Something had to change for the Colts, so Sio Moore, Antonio Cromartie are gone

Photo of Antonio Cromartie

Photo of Antonio Cromartie

INDIANAPOLIS, Ind. – In a bottom-line numbers game, the Indianapolis Colts are taking an addition-by-subtraction approach with their unreliable defense.

Gone in a flurry of Tuesday roster moves are two starters: inside linebacker Sio Moore and cornerback Antonio Cromartie. Each started the first four games.

Jettisoning Moore and Cromartie are admissions by the team it whiffed on a pair of recent personnel moves, and comes in the wake of Sunday’s 30-27 loss to Jacksonville in London after which several players, including quarterback Andrew Luck, indicated a lack of focus contributed to the third loss in four games.

“We’ve got to be more professional as players and understand our role, our job, and do our job,’’ he said.

Tight end Dwayne Allen seemed to agree with the conclusion of Albert Einstein, who reasoned the definition of insanity was doing the same thing over and over again and expecting different results.

“Maybe we need to tighten up practice,’’ Allen said. “Maybe we need to change pregame. Maybe we need to do something.

“Something will be done.’’

Tuesday, something was.

And not surprisingly, it impacted the defense which largely was unreliable over the first month of the season. It ranks No. 24 in yards allowed (382.8 per game) and No. 30 in points (31.25). The 125 points allowed are tied for the third-most over the first four games in team history. Also, the team has given up at least 30 points three times, tying a team record for the first four games of a season.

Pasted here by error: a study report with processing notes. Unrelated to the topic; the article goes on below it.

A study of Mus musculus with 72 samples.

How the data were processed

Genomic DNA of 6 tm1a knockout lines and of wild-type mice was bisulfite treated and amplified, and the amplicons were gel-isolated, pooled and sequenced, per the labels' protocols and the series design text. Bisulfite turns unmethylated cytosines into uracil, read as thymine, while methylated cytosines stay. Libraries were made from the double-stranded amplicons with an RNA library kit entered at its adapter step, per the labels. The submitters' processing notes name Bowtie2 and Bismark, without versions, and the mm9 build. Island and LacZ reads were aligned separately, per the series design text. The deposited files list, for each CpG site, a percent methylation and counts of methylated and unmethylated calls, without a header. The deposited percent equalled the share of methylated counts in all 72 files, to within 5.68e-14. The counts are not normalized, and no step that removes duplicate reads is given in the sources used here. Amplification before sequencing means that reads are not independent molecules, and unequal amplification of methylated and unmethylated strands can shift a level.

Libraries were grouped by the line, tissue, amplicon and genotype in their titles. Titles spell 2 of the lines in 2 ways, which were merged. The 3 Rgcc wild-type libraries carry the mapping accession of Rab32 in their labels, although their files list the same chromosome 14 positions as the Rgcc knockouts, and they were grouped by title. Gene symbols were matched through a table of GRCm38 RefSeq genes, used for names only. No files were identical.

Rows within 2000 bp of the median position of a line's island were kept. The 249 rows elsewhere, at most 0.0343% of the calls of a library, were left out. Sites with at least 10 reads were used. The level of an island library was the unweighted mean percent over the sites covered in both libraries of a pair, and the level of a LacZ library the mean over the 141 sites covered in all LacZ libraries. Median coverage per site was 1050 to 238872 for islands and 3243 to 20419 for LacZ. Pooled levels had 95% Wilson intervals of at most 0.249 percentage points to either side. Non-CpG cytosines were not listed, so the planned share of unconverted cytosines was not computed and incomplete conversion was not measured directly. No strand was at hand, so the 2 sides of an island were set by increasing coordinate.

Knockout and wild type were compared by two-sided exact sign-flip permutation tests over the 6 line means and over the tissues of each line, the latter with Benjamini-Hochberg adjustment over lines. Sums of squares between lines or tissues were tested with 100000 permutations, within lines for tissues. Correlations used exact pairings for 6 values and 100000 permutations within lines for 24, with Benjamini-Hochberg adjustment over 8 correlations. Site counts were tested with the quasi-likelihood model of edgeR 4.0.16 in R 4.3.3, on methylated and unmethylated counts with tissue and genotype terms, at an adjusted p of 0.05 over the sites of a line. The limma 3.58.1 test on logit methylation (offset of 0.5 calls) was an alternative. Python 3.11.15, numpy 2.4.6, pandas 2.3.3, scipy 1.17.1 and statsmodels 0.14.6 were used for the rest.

Something had to change, and that meant getting rid of Moore and Cromartie.

General manager Ryan Grigson signed Cromartie to a one-year, $3 million contract Aug. 22 in what amounted to a desperation move. Injuries had decimated the position, and the Colts hoped Cromartie, 32 and a four-time Pro Bowl selection, could offer immediate help.

That never materialized and Cromartie suffered through an especially poor game against the Jaguars. On one series near the end of the second quarter, he twice was beaten for receptions by Allen Robinson, and was penalized once for interference and another time for holding. In the first quarter, Cromartie was beaten badly by Robinson on a 3-yard touchdown pass.

Cromartie made headlines when he took a knee and raised his fist during the national anthem before September 25 game against the San Diego Chargers.

Grigson acquired Moore from the Oakland Raiders in a September 2015 trade that cost him a sixth-round draft pick. Moore led the defense with 28 tackles, but has been inconsistent, suffered too many missed tackles and been a liability in coverage.

Moore’s release further weakens the Colts at inside linebacker, a regression that included the salary cap-related decision during the offseason not to re-sign Jerrell Freeman and the release of Nate Irving in September.

The remaining inside linebackers on the roster include veteran D’Qwell Jackson, Josh McNary, Edwin Jackson and rookie Antonio Morrison.

Another option is rookie Trevor Bates, who was elevated to the active roster from the practice squad.